MP govt sends delegation to Korea to replicate their education policy, spends over Rs 60 lakh

The state government has decided to train around 200 officers and principals on ways to improve their efficiency and capacity during 2019-20 at Korea Development Institute, Seoul.

By: PTI | Bhopal | Published: December 2, 2019 8:37:29 pm
Korea, India, education policy, nepotism, MP board, MPSEB, education news Anti-corruption activists have, however, raised an objection to these trainings in Seoul claiming nepotism in sending the officers to Korea. (Express photo by Jaipal Singh/Representational image)

The Madhya Pradesh government has spent over Rs 60 lakh in sending a delegation comprising officials of the school education department and others to Korea to learn that country’s good schooling practices and replicate them in the state, according to official documents.

A sum of Rs 62.25 lakh was granted towards expenses incurred on the visit of the officials to Seoul from October 20-24 and November 3-7, 2019, the documents show.

The Madhya Pradesh government’s Department of School Education, and Korea Development Institute School of Public Policy and Management (KDIS) – collectively referred to as slides – have signed a memorandum of understanding for ‘executive training program for the school education officers (the government of Madhya Pradesh)’.

The purpose of the program is to expose the government officers to the Korean development experience and education policy as a referential model for the state government, and to propose enhancing strategies for education policy planning, policy management and capacity building.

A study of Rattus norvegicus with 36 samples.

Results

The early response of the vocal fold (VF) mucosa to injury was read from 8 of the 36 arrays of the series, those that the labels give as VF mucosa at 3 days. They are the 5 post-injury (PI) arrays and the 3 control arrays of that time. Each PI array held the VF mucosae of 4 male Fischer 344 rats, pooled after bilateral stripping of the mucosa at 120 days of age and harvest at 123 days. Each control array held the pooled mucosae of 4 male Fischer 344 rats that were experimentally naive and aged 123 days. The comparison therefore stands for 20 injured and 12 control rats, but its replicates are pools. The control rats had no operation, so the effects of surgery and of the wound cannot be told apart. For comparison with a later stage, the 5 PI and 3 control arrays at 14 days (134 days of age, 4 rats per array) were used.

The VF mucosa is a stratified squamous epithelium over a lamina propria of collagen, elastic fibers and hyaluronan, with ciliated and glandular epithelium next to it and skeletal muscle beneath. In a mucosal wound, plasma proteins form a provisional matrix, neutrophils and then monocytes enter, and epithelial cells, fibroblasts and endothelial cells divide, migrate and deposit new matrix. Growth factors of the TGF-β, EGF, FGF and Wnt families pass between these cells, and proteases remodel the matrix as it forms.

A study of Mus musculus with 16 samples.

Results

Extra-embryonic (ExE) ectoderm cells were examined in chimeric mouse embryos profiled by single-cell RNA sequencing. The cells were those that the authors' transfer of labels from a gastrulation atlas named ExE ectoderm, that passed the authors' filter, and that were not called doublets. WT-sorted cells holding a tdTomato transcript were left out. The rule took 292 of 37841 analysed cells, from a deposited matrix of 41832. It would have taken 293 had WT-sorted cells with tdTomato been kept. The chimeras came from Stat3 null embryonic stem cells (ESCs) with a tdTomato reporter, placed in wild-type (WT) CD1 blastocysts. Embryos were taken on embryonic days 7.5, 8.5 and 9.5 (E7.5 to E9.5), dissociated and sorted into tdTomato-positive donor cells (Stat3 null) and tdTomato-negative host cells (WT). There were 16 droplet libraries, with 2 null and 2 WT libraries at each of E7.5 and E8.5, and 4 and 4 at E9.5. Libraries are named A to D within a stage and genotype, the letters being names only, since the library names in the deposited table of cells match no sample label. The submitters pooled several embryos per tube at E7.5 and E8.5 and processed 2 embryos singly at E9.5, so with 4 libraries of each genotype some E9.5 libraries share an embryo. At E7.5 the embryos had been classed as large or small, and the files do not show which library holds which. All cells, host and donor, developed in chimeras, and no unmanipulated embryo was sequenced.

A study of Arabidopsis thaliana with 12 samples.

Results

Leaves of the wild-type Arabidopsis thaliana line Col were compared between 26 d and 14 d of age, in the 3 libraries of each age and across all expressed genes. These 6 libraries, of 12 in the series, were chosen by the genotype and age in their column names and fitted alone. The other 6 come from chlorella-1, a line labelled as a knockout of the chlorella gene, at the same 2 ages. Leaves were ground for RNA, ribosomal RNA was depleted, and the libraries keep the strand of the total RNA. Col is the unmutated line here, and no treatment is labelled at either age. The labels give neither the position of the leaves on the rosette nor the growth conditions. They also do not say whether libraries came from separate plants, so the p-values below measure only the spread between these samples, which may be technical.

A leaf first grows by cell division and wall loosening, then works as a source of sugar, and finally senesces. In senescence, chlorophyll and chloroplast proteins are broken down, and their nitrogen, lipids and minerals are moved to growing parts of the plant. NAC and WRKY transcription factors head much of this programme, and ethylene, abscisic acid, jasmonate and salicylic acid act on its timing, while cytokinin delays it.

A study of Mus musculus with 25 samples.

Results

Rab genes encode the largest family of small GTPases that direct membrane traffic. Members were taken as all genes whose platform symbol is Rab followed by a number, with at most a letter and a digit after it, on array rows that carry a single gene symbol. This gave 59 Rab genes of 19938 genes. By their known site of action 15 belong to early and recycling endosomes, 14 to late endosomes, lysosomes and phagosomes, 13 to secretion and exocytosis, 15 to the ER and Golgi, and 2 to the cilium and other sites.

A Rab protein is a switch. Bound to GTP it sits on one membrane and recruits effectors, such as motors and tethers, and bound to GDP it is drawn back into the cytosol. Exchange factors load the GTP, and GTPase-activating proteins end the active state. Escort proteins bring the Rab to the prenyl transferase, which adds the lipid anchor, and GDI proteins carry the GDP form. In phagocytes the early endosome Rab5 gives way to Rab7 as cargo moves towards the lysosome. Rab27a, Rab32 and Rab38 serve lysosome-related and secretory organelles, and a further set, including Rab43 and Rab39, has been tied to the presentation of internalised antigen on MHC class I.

The state government has decided to train around 200 officers and principals on ways to improve their efficiency and capacity during 2019-20 at Korea Development Institute, Seoul.

The State Institute of Educational Management and Training (SIEMAT) has been made the nodal authority to arrange all logistics related to the training program at Seoul.

Anti-corruption activists have, however, raised an objection to these trainings in Seoul claiming nepotism in sending the officers to Korea.

“There has been irregularity in selecting officers for sending them to Korea. The state government should look into it and ensure that the real beneficiary attend the course so that good education-related policies of Korea can be replicated in the state,” said Ajay Dubey, transparency activist.

Citing an official document, Dubey said, officers planning the programme are putting conditions like “mandatory inclusion of gents” in the note sheet seeking financial and administrative approval from senior officers for the training in Korea, in their apparent bid to favour some.

“There are at least five training programmes being organised by spending around Rs 1.5 crore. The government officials are also buying expensive gifts for some unknown people there in Korea,” Dubey said, referring to the documents.